Key Takeaways from Skin in the Game
I recently read Nassim Taleb’s “Skin in the Game” and highly recommend it for its unique and powerful insights.
It’s striking to me how at certain parts of the book I was blown away by the genius of the insights while at others I was confounded by the strange and apparently false conclusions that Taleb was able to lead himself to.
Despite this, the book has brilliant teachings you won’t get anywhere else so for that it is definitely worth a read.
Here are my main takeaways:
Skin in the Game
Nassim Taleb emphasizes how skin in the game is often misunderstood and misused.
It’s regularly cited as the importance of giving people upside in transactions and situations.
Taleb, however, shows how this is not enough. Symmetric upside is actually quite commonplace, but symmetric downside is not.
Ensuring skin in the game means that both symmetric upside and symmetric downside must be present.
Power of the Intolerant Minority
Nassim Taleb introduces the concept of the intollerant minority and demonstrates how they can weild power over the majority in cases where the majority is apathetic to the issue at hand.
He gives kosher and halal meat as an example, where almost every piece of meat sold in the US is both kosher and halal because the minority absolutely demands it while the majority doesn’t mind either way.
The same goes for GMOs, where a minority demands non-GMO food while the majority doesn’t mind either way. Thus, many foods in the US are non-GMO, especially where customers are able to discern one way or another.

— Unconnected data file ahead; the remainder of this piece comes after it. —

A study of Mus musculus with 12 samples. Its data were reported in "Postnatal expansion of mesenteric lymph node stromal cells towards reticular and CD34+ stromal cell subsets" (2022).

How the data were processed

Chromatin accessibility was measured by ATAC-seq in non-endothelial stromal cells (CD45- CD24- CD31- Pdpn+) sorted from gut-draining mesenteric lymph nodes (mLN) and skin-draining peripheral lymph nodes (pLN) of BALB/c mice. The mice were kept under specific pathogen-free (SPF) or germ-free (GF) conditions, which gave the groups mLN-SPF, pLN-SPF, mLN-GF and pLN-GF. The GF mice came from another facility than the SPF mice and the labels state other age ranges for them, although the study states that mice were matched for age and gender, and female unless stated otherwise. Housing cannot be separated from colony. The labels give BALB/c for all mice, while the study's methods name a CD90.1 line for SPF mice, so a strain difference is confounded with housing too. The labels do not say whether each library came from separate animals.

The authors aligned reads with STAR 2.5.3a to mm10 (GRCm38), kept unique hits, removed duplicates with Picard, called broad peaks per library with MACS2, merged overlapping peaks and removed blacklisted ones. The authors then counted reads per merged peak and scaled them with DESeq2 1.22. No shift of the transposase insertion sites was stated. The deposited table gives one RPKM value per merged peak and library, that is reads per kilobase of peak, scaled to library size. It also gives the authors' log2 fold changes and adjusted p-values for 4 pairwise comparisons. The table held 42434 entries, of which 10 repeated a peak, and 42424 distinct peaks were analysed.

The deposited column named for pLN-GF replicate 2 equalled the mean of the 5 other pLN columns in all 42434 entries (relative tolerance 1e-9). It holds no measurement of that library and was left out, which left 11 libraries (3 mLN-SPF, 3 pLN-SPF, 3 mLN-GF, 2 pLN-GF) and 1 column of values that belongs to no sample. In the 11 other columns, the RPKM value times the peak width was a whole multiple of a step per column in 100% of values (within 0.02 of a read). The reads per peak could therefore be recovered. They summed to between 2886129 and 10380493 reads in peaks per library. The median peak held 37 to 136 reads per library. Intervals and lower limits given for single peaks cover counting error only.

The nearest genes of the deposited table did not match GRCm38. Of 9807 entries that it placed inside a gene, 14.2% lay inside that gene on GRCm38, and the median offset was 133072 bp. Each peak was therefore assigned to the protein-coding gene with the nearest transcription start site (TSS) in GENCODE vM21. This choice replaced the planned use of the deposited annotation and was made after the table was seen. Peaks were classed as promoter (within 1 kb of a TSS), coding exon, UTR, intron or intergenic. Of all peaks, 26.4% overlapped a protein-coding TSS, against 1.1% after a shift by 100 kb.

The Lindy Effect
The Lindy effect is a concept that the future life expectancy of technologies and ideas is proportional to their current age.
That means every additional period of survival implies a longer remaining life expectancy.
Tail Risk in Your Life
Consider a procedure that gives you a 99% chance of improving your life but a 1% chance of death.
Let’s say a high risk surgery that greatly improves your vision, even beyond what current lasic offers.
Is it rational to take this procedure?
Maybe, maybe not. It depends on how you view the risk and the reward of the procedure.
Now consider the option to take on 100 different procedures that each have the same 99% probability of success and 1% probability of death.
Let’s say that each separate procedure greatly improves some aspect of your body. Your vision, your hearing, your running speed, your resistance to alcohol poisoning, your resistance to dementia, etc.
Do you take the bundle of procedures?
If you do, you’d have a 37% chance of survival.
So it’s clearly not a worthwhile risk to take the bundle.
Now, imagine the 1% chance of death was instead replaced with a 1% chance of a non-life-threatening occurance akin to a broken leg. And imagine that you had a 0% chance of dying.
Do you take the bundle?
This seems much more palatable, and many people would take the bundle.
This is the concept of ruin.
In a game, a negative outcome that sets you back but allows you to keep playing is categorically different from a negative outcome that prevents you from ever playing again.
Thus, we should treat tail risks that result in a form of ruin like death as categorically different from tail risks that do not result in ruin (mere injury).
And we should treat tail risks of ruin as extremely serious because they can add up and they can often be bundled together naturally.
For example, certain risk-seeking people can bundle the tail risks of drinking, fighting in bars, riding motor cycles, skydiving, etc.
Even though the tail risk of each of those behaviors is low (or not huge), the tail risks add up and lead to a larger tail risk of ruin or death that is obviously impossible to recover from.
Ruin/death should be viewed as categorically different from setback/injury.